Shoulder Dislocation

Description

Dislocation of the shoulder is a serious injury commonly seen in sports. It involves the head of the humerous (arm) coming out from the glenohumeral (shoulder) joint. The shoulder generally dislocates as it is forced into an unnatural position. The longer it is out of place the more the muscles spasm making it harder to reduce. For this reason it is important to go straight to a medical profession who is able to help put it back in place. Having a shoulder dislocate is generally quite painful and occasionally the axillary nerve may be damaged, causing numbness or reduced strength of the shoulder/arm.

The most common way to dislocate your shoulder is called an anterior shoulder dislocation. This commonly occurs from trauma such as a car accident or in a tackle where the shoulder is forced into a position of abduction and external rotation. This is the same position as you put your shoulder into when you cock your arm to throw a ball. This position is also known as the apprehension position as it causes concern to those who have had a previous dislocation that hasn’t been fully rehabilitated and is currently unstable.

A posterior shoulder dislocation occurs with either direct trauma to the front of the shoulder or from a fall onto an outstretched arm. This method of dislocation is less common than the anterior method.

The dislocation of a shoulder joint will also cause widespread damage to the ligaments, the joint capsule, the labrum and it will sometimes even fracture the shoulder itself.

The ligaments and joint capsule function to provide support to the shoulder. As they become stretched they no longer preform their job so the shoulder becomes unstable and is at high risk of dislocating until they are fully healed. Ligaments can take up to a year to heal fully and you are at reat risk of redislocation during this timeframe. To compensate for this lack of ligamentous support you need good muscle control, this is a reason why optimal rehabilitation is required.

The most common way for the labrum to be damaged during a dislocation is when it becomes detacted from the anterior wall of the glenoid, this is known as a Bankart lesion.

It is possible to damage the nerves in the shoulder during a dislocation, they can become stretched and may result in numbness through the outside of your arm. Any numbness or weakness generally recovers over time.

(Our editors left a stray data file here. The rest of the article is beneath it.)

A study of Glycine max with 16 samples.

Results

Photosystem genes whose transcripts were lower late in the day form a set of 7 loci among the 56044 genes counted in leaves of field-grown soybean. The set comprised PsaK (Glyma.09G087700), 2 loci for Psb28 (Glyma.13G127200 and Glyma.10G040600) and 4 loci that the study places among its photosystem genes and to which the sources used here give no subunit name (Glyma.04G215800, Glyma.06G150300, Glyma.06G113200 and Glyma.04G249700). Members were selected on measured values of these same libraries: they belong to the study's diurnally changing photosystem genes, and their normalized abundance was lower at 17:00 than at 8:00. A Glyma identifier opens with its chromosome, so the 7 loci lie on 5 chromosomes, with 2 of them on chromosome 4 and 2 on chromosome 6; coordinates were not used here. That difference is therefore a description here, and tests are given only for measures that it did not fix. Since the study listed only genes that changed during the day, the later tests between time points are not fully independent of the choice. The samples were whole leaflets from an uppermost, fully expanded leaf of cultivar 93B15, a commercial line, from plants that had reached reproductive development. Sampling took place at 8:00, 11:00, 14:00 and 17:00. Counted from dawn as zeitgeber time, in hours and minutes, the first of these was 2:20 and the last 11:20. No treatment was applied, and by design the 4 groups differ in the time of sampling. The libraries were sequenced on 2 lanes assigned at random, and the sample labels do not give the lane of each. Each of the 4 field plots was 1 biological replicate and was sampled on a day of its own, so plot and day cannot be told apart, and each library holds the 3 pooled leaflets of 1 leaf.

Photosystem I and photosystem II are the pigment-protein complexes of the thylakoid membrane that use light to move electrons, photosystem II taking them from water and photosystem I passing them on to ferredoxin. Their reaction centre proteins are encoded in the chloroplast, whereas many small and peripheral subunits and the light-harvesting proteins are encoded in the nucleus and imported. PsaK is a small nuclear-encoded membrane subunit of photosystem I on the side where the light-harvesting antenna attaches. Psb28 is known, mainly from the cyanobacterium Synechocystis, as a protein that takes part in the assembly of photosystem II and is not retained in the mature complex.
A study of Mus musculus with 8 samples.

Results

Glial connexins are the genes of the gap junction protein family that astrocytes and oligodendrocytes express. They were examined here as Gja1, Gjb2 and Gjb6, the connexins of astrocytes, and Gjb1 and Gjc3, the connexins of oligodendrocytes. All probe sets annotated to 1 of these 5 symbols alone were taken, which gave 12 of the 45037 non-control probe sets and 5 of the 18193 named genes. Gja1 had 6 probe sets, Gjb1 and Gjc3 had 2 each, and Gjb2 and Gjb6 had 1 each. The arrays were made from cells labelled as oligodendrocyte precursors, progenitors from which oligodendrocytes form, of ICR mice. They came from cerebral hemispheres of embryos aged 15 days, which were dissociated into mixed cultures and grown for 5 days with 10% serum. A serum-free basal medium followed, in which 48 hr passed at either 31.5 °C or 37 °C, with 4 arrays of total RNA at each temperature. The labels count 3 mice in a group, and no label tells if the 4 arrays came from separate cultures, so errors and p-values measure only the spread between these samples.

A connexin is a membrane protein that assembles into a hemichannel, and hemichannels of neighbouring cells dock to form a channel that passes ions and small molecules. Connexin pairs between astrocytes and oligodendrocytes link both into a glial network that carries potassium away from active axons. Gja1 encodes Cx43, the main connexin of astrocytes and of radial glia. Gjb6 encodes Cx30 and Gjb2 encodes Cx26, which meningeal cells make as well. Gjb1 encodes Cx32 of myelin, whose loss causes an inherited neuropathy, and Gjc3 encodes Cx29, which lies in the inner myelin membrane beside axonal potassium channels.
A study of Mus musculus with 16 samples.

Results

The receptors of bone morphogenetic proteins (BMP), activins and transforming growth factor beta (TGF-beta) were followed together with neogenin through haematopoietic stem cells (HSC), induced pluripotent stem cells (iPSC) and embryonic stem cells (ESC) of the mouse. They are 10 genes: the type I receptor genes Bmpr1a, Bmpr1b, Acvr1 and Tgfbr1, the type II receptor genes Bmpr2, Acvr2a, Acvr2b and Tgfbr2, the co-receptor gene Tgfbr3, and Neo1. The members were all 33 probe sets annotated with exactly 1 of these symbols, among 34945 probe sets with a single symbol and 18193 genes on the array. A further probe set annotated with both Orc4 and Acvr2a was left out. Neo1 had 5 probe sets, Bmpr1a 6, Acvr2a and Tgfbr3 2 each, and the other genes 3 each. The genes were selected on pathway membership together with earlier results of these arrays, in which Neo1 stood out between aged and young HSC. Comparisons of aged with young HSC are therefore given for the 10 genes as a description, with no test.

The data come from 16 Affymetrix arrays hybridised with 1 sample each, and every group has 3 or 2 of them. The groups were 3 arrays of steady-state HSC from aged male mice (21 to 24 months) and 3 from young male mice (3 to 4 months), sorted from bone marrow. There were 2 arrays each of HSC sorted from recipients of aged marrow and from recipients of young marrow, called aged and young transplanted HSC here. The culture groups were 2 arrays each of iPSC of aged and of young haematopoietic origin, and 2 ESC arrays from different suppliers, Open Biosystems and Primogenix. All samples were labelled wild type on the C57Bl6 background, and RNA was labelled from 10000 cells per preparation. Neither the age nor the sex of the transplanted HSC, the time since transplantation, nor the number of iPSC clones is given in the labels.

Factors that predispose you to a dislocated shoulder include:

  • A previously dislocated shoulder.
  • Shoulder joint hypermobility (a very flexible shoulder).

Symptoms

Signs and symptoms of a dislocated shoulder include:

  • On examination the shoulder will look distinctly different from the other side with a pronounced humeral and a distinctive hollow before the acromium of the shoulder.
  • There will normally have been a clunk or pop as the shoulder dislocates.
  • There will be a significant amount of pain and the arm may be cradled to help try to reduce the pain.
  • For a posterior shoulder dislocation the arm will be held across the body. There will be an inability to turn the arm outwards and there will be less rounding at the front of the shoulder.

Treatment

Correct rehabilitation following a shoulder dislocation is vitally important as there is a high incidence of redislocation. Careful treatment protocols need to be followed in order to heal the shoulder fully including:

  • Immobilisation of the shoulder to allow the connective tissue to heal.
  • Simple range of movement exercises need to be started at the correct time to prevent the shoulder from seizing up or from developing frozen shoulder.
  • Correct stretching exercises to regain shoulder movement, the wrong stretches will predispose you to another dislocation.
  • Correct strengthening exercises to restore strength and stabilise the shoulder. The wrong exercises or the right exercises at the wrong time will aggravate and prevent proper healing.